Canberrans have been on a spend, spend, spend shopping bonanza as the ChooseCBR voucher scheme reached its $2 million quota in a day - plus an extra $290.
Thirty-thousand people used 59,000 vouchers at a rate of a thousand dollars a minute for the 25 hours it took for the tax-payer-funded vouchers to run out.
By Saturday morning, the website was saying: "$2,000,290 out of $2,000,000 has been redeemed so far in the ChooseCBR program. This program is completed."
But some local businesses were asking why big chains like McDonald's were allowed to participate. Some shop owners said, too, that a Saturday relaunch would have been fairer to those who couldn't spend on Friday because they were working.
But many businesses were pleased. "It went gangbusters," Anna Brown of Impact Comics trilled.
The store occasionally holds special festivals and Friday's trade was at that kind of level, she said.
"Great!" Byron Budak co-owner of Landspeed Records said.
"It was great to see lots of people in the city on a cold, miserable winter's day." He said customers were enthusiastic but patient.
A mere eight minutes after opening on Friday, McGlades Jewellers had made their first sale to someone with a voucher (a $300 pair of ear-rings, with $50 off).
The voucher scheme designed to boost the economy in the epidemic was relaunched on Friday morning, a week after it was overwhelmed by demand. But this second time, the software coped with the load. Back in December, a previous version of the scheme failed when the response was low.
Alexandra Harwood of McGlades Jewellers said that the very first version at the end of last year was poorly advertised.
The discounts for voucher holders were also much smaller. "If you spent $80, you got $20 off," she said. This time, it was half, with a limit of a $50 discount.
The people who were well-prepared got the bargains. Of the 240 or so sales at Impact Comics on Friday, 150 were with a voucher. A few came in not being aware but the store made it easy to register there and then to get the voucher and spend.
"It was a very big Friday," Anna Brown said at the comics store.
Not all businesses were completely happy, though.
Satheeswaran Balasingham who owns Star Groceries in Franklin has written to the scheme's organisers complaining that he increased his stock when vouchers were first made available but was then left with unsold goods because the scheme was paused for a week.
"On the first day when this scheme launched," he wrote to the organisers, "as soon as I started getting a lot of customer enquiries, I ordered additional stock to fulfil the demand hoping my business will be registered immediately.
"But the scheme was paused and I lost money.
"Before the scheme relaunched, hoping that at least this time my business will be registered and I can recover some prior loss, I bought a lot of stock (most of them still in my truck). But due to the way this scheme handled businesses and registration, I have lost money again."
Travel agent Rachana Chitre worked on Friday so she was unable to spend any money that day, but she was looking forward to using vouchers on Saturday, by which time it was too late. She thought a Saturday relaunch would have been farer.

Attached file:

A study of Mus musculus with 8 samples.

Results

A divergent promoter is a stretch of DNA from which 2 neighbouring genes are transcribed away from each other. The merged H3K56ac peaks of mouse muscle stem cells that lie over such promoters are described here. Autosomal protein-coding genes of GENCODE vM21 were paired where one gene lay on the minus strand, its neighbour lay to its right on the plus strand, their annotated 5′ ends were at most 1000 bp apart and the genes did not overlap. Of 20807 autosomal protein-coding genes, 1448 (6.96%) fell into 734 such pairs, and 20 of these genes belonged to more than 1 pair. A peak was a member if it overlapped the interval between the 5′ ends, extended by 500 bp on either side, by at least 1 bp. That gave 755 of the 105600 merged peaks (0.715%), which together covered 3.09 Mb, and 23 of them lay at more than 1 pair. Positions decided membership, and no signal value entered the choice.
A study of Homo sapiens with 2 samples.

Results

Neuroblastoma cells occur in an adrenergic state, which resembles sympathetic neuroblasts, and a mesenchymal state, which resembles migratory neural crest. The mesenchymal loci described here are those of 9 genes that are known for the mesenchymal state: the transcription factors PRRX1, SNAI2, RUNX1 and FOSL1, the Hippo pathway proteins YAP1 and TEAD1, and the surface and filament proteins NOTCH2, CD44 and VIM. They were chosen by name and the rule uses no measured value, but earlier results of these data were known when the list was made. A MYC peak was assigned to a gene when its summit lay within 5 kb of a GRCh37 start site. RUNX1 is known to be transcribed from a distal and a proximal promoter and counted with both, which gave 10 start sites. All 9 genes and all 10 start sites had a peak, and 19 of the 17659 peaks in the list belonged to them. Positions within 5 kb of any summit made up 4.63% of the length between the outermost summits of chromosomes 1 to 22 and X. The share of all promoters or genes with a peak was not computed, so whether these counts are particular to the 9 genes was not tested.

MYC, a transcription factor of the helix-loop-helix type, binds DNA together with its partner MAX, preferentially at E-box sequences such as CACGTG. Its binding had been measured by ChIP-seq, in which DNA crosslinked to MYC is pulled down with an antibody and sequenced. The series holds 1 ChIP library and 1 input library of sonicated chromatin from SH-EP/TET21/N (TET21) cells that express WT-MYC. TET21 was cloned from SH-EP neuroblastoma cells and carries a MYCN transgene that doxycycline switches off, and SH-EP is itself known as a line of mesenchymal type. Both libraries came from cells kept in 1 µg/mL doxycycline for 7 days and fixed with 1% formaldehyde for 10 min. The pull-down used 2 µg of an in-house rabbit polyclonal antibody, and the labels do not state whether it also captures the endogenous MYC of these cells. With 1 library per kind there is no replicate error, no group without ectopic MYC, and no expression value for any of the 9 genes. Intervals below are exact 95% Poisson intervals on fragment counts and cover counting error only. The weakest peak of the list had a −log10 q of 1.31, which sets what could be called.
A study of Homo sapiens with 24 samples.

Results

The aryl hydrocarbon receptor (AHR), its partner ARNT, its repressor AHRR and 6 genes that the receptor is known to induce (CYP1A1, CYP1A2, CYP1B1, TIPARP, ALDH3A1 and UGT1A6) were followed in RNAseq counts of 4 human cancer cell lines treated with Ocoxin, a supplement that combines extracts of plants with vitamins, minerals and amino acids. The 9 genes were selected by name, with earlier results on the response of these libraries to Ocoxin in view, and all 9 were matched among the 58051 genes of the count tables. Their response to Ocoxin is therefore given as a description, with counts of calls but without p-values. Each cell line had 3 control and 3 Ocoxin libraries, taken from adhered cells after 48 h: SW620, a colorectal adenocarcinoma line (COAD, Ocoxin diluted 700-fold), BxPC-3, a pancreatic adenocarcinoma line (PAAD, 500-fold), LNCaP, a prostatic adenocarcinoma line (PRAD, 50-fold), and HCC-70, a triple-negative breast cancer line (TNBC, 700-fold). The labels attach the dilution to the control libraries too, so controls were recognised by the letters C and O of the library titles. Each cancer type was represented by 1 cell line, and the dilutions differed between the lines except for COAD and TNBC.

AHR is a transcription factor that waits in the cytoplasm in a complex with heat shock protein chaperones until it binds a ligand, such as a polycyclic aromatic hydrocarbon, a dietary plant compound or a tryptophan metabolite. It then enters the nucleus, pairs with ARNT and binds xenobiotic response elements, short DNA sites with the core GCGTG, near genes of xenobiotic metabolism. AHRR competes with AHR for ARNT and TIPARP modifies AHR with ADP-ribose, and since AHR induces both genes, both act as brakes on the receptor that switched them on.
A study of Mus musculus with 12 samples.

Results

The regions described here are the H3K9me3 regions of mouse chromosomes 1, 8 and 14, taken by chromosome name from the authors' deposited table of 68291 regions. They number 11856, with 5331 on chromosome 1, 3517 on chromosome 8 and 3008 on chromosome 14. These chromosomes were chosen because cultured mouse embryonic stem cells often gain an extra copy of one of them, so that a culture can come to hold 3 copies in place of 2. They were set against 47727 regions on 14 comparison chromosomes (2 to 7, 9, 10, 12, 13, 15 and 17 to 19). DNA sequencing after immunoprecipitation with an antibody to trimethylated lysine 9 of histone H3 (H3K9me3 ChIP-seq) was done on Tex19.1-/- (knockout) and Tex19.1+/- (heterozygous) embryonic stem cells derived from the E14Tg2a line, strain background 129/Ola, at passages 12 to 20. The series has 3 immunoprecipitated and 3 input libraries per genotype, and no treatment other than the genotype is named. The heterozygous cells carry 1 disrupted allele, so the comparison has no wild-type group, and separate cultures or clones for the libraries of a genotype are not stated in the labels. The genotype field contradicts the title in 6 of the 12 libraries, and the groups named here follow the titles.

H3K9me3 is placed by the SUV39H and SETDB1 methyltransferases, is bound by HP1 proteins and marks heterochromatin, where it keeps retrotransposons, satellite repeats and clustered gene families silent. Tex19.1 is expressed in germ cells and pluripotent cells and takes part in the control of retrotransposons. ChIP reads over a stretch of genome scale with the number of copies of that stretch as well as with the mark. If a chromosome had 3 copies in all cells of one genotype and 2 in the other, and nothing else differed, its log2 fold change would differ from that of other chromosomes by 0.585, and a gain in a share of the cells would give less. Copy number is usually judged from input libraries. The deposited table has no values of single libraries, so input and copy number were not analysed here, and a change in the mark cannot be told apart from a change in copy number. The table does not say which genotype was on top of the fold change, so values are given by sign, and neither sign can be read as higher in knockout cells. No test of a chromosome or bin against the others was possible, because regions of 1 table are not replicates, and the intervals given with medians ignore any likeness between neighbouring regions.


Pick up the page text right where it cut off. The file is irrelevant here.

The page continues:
The Canberra travel agency owner said she was also unhappy that franchisees of big chain stores and restaurants were eligible. "This has not helped small businesses enough," she said.
The rush to the shops started after the troubled scheme resumed on Friday morning. By Friday evening, $1.46 million had been redeemed. By 8.10am on Saturday, the limit was reached - plus an extra $290. A million dollars had been vouched for within four hours of the relaunch.
Canberrans could use up to $80 in vouchers - made up of a $50, $20 and $10 voucher - each day. It turns out that there was only one full day.
A week ago, the website crashed when it was overloaded with demand. There was chaos and irritation in some stores as people sought to buy items at cut price for store-holders to then fail to access the website to reclaim the money.
ACT government technical staff then made sure that the software worked at such a high level of interest.
"Testing has shown the system is now performing well in a simulated environment of 600 voucher redemptions per minute, while allowing significant numbers of customer registrations to occur at the same time," an ACT government spokeswoman said before Friday's relaunch.
Close to 800 businesses across the ACT had signed up to the scheme before it was taken down just over a week ago.
Among them were multinational fast-food chains including the McDonald's in Manuka, along with several Subway and Zambrero stores.
Some local business people were annoyed that branches of large chains had been allowed to participate. They felt that this undermined the aim of boosting the economy of the ACT.
The ACT's Minister for Business Tara Cheyne said: "I'd like to thank Canberrans for their support of both the ChooseCBR program and local businesses."
A quarter of the vouchers went in the first, paused run, leaving just over $1.5 million to be redeemed on Friday.
"Almost 59,000 vouchers were redeemed by around 30,000 customers across almost 800 local businesses throughout the full roll-out," the minister said.